RICHBURG, S.C. — The Insurance Institute for Business & Home Safety (IBHS) has expanded FORTIFIED, its voluntary, beyond-code, resilient construction program, with a designation designed to fill a void in climate resilience for the U.S. housing market.

The new FORTIFIED Multifamily™ standard lays the path for multifamily developers, owners and property managers to offer residents homes built or retrofitted to perform better in severe weather, including powerful high winds and heavy rain from thunderstorms, derechos, hurricanes and even tornadoes.

“We can’t reach critical mass in our quest for a more resilient nation without addressing the needs of the 164 million Americans who live in multifamily housing,” says Roy Wright, president and CEO of IBHS. “Everyone, regardless of where they live or their income, deserves a strong home designed and built to withstand the weather it will face. We’ve sharpened our focus to help ensure more Americans can benefit from IBHS research and better prepare our homes to reduce the damage and destruction caused each year by severe weather.”

In addition to expanding the FORTIFIED program to include a standard for strengthening multifamily communities, IBHS has committed to take the following steps to help make the availability of resilient homes more accessible throughout the country.

  • IBHS will offer its FORTIFIED Home™ certification courses through FORTIFIED Wise University at no cost to nonprofit organizations building for families with low to moderate incomes. By educating nonprofit builders about the impact key upgrades can have on a home’s ability to withstand severe weather, IBHS seeks to empower those organizations to make homes more resilient for the families who can least afford to be displaced by disasters.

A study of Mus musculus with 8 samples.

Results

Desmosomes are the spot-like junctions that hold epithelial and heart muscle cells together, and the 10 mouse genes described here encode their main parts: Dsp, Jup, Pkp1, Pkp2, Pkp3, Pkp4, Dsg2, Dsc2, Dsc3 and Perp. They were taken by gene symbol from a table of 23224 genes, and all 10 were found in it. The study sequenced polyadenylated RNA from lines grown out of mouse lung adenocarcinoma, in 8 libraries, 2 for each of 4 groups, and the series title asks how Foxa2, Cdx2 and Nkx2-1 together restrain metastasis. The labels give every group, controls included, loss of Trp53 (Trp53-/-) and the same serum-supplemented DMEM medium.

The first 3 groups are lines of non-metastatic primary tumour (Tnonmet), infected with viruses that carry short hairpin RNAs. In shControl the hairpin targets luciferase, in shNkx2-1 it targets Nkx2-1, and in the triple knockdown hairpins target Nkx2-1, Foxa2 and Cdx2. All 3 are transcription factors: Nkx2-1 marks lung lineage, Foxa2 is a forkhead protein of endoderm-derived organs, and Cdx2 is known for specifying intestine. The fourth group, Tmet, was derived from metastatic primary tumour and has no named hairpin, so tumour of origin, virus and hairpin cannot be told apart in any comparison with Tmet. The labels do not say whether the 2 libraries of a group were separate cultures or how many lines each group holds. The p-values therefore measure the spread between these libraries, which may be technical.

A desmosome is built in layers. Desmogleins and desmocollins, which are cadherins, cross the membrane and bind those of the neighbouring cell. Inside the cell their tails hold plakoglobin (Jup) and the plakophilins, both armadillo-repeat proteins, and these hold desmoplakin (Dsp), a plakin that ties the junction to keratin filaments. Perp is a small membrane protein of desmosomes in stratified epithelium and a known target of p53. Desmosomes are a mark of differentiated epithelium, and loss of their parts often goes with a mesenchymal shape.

• IBHS will also eliminate the small administrative fee it collects to review and process FORTIFIED designations for single family homes built by a nonprofit organization for families with low to moderate incomes. Reducing the cost-gap between standard construction and the incremental investment to build to FORTIFIED will help make it easier for nonprofit organizations to implement the program.
  • IBHS will advance research-based affordable resilience solutions, including guidance on ways to make manufactured and modular homes more resilient, through public policy initiatives. Not all homes in America are stick-built on-site. By researching and examining ways to help these products better withstand severe weather, IBHS will make resilience more accessible to millions of Americans, including the more than 20 million who live in manufactured housing.
  • IBHS will continue its commitment to collaborate with partner organizations dedicated to finding solutions for making all housing more resilient, including creating collaborative opportunities between its member insurance companies, federal, state, local, and Tribal entities, nonprofits and others who build or have a shared interest in resilient homes and strengthened communities. These partnerships often result in pilot projects that introduce, incentivize, or fund resilient construction to new markets and act as a catalyst to promoting stronger construction throughout the area.

“Our organization has dedicated decades to conducting top-tier science to identify ways to minimize the damage severe weather can cause,” said Fred Malik, IBHS managing director for FORTIFIED Programs. “By expanding the FORTIFIED program to include multifamily properties and deepening our commitment to supporting nonprofits, we are helping to ensure more families have a place to return after the next storm, no matter where they live.”

Like FORTIFIED Home and FORTIFIED Commercial™, the newly launched FORTIFIED Multifamily program requires that builders and contractors adhere to strict construction standards developed by IBHS to minimize damage from severe weather. Additionally, key resiliency features must be verified and documented by an independent, third-party evaluator. Also similar to the other FORTIFIED programs, FORTIFIED Multifamily will offer three designation levels so developers, owners and property managers can choose the level of protection most appropriate for new construction, renovation or reroofing, and that also best meets budget considerations and resiliency goals. Each level will provide beyond-code protection proven to withstand winds of at least 130 mph.

“We’ve seen in areas with high concentrations of single-family FORTIFIED homes that resiliency starts as a novel option, but it is fast reaching a tipping point. As we build the housing stock of our future we see an increased desire – even demand – for climate ready housing,” said Wright. “By adding a Multifamily standard and exploring pathways to resilience for additional types of housing, we’re reaching more climate-vulnerable communities, in urban, suburban and rural areas, with actionable ways to lessen the impact of severe weather events.”